Lately, I’ve been dealing with a lot of loss. My friends and I are trying to support each other, but it’s so hard when we’re all experiencing our own kind of grief. And with classes and everything starting, it feels like the rest of the world is just moving on. How do I deal with it all?
-Sorrowful and Unsure
I would like to begin by saying that I am deeply sorry for your loss. Losing anyone close to you is an experience that is so gruelling, and, within that, you sometimes lose sight of yourself. You are so strong—stronger than you even know.
Grief is a response to loss that each and every person undergoes differently. While some people cope by remembering who they have lost and the significance of that person, other people throw themselves into their work to try to avoid the pain. These different methods of coping also mean that people need different amounts of time to recuperate from a loss.
Like most things in life, you should never feel pressured to move at the pace of others. You are different from everyone else, and that means you will adjust on your own time. While grief can consume you and truly take over every aspect of your life, it won’t be that way forever.
Now, let’s get to some advice. Since classes have begun, that is a perfect opportunity for distraction, if that’s something you think will help in your healing process. Remember that distraction and engaging in activities does not mean that you are forgetting—it means that you are adjusting. You can go to class and make your best attempt to focus on the material in front of you. If you can’t do that right away, that is okay too. Taking every new day or task in small increments will allow you to feel comfortable with each new step.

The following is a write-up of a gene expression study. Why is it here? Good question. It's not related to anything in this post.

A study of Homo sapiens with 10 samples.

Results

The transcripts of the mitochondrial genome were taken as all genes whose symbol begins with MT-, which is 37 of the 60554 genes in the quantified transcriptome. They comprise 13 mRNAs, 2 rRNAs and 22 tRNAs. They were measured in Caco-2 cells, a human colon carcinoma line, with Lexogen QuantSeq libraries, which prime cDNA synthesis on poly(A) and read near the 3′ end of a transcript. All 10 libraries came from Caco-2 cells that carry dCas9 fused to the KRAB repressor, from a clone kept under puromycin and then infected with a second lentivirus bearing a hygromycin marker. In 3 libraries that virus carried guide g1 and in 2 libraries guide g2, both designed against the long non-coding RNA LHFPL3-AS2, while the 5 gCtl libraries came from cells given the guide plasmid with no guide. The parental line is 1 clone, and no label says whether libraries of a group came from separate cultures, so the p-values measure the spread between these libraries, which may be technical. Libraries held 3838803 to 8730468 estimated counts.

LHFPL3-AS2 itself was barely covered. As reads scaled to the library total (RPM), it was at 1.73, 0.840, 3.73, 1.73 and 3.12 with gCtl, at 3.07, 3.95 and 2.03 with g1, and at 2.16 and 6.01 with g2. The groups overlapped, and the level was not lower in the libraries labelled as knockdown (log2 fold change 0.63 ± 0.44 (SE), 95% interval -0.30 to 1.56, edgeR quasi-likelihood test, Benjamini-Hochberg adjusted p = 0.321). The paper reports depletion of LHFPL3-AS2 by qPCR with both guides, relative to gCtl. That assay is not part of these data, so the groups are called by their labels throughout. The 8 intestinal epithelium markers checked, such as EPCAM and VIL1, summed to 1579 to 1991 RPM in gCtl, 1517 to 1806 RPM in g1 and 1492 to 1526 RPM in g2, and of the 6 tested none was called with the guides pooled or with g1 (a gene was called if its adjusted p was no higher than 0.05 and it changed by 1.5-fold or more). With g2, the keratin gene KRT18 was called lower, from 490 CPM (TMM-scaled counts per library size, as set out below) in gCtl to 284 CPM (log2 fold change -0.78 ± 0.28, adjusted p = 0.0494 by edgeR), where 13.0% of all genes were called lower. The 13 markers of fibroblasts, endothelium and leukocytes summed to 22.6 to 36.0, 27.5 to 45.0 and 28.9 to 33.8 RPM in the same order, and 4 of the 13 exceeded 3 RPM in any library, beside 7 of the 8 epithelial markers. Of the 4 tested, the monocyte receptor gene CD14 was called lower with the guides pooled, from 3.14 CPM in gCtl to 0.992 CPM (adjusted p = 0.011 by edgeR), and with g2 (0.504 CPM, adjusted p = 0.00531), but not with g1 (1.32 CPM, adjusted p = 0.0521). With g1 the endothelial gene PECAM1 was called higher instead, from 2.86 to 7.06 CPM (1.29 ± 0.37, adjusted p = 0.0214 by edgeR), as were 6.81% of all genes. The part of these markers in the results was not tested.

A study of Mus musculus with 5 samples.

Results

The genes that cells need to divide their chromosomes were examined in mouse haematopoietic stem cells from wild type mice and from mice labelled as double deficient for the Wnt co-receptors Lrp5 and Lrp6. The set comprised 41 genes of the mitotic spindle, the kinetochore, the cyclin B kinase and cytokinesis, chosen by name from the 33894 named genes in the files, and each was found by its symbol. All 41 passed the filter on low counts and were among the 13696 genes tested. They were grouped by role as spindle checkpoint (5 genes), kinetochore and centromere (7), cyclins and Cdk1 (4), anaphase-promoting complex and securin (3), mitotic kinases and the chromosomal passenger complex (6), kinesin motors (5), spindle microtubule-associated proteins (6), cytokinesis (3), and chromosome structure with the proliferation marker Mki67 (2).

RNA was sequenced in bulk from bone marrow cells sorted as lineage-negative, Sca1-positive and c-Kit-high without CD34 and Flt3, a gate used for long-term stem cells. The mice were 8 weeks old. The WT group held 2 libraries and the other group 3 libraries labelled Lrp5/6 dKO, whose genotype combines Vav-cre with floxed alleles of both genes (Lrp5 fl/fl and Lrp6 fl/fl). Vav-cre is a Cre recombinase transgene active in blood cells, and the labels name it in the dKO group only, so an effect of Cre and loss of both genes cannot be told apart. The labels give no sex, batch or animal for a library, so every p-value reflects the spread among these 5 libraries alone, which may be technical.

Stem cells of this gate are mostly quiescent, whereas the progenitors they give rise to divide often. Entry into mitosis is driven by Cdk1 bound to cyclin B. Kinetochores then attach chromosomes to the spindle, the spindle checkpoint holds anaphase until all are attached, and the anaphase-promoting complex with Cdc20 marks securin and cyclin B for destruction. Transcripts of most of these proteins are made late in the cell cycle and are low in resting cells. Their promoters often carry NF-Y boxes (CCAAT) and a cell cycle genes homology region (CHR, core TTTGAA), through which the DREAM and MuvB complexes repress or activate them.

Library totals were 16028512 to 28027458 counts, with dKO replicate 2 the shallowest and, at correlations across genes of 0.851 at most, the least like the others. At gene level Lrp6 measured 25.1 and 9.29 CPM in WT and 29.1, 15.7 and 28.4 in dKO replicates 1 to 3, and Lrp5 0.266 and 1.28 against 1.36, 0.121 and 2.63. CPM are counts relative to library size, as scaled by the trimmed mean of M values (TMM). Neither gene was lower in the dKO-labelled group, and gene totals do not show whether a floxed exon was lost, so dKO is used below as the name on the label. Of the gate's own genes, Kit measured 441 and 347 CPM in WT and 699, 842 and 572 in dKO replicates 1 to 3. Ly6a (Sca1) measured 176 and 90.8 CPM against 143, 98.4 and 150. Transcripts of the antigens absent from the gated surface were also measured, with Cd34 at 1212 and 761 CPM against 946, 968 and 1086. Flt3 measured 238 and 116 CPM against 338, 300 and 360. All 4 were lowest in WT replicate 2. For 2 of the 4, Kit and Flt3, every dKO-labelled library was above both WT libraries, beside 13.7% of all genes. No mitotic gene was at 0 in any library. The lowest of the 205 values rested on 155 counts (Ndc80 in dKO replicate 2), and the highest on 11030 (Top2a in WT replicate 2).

I sometimes like to think about tradition in relation to loss. Someone is only gone when you want them to be. Otherwise, their memory, spirit, and personality will last forever so long as you resurface the memories and love you felt for them every so often. Most people know of Día de los Muertos, or The Day of the Dead, a holiday celebrated in Mexico. During this day, families and friends gather to celebrate their loved ones who have passed. While this tradition occurs annually, you can incorporate practices from it into your daily routine. Just because someone is gone does not mean that they can not come with you on your journey.
I also recommend trying not to stigmatize the topic. If you’ve lost somebody, talk about it when you are ready. Try not to omit them from conversations out of fear of awkwardness. Both you and them deserve a place in dialogue. At first, hearing their name in conversation will be scary, saddening, and potentially angering, but it will eventually allow you to bring up the topic when you need to.
Additionally, the pressure of school and mental health are bound to accumulate and weight down on you. Remember that you do NOT have to juggle it all, especially not alone. If your mental health is feeling like it is going to collapse when you are trying to support yourself and your friends while dealing with academics, and maybe even athletics too, take a step back. Sometimes situations like these, as horrible as they are, can be an opportunity to reprioritize your commitments. Have you taken on too much? Are there things that do not feel crucial anymore? While you are trying to keep your mind occupied, remember to let yourself rest and take a break too.
Not only is this an opportunity to maybe cut out some parts of your life, this is also the time to indulge in some activities you enjoy. It is perfectly acceptable, encouraged even, to prioritize the parts of your life that bring you happiness. If you like to cook, have a friend bring you to Chidsey Dorm and take advantage of those kitchens! If you like to read for pleasure but have not gotten the chance recently, maybe excuse yourself from an eating house meeting and take the night to yourself.
In the midst of supporting other people and yourself, do not forget to ask for help if you need it.
Told You So
To make an appointment with a counselor at Davidson, whether a regular appointment, emergency appointment, or to reach the on-call counselor, call 704-894-2300.
Other 24/7 emergency options include calling the National Suicide Prevention Lifeline at 1-800-273-8255, texting the Text Crisis Line (text HOME to 741741), or calling the Mecklenburg County Crisis (CriSyS) Hotline at 704-566-340 (select option 1).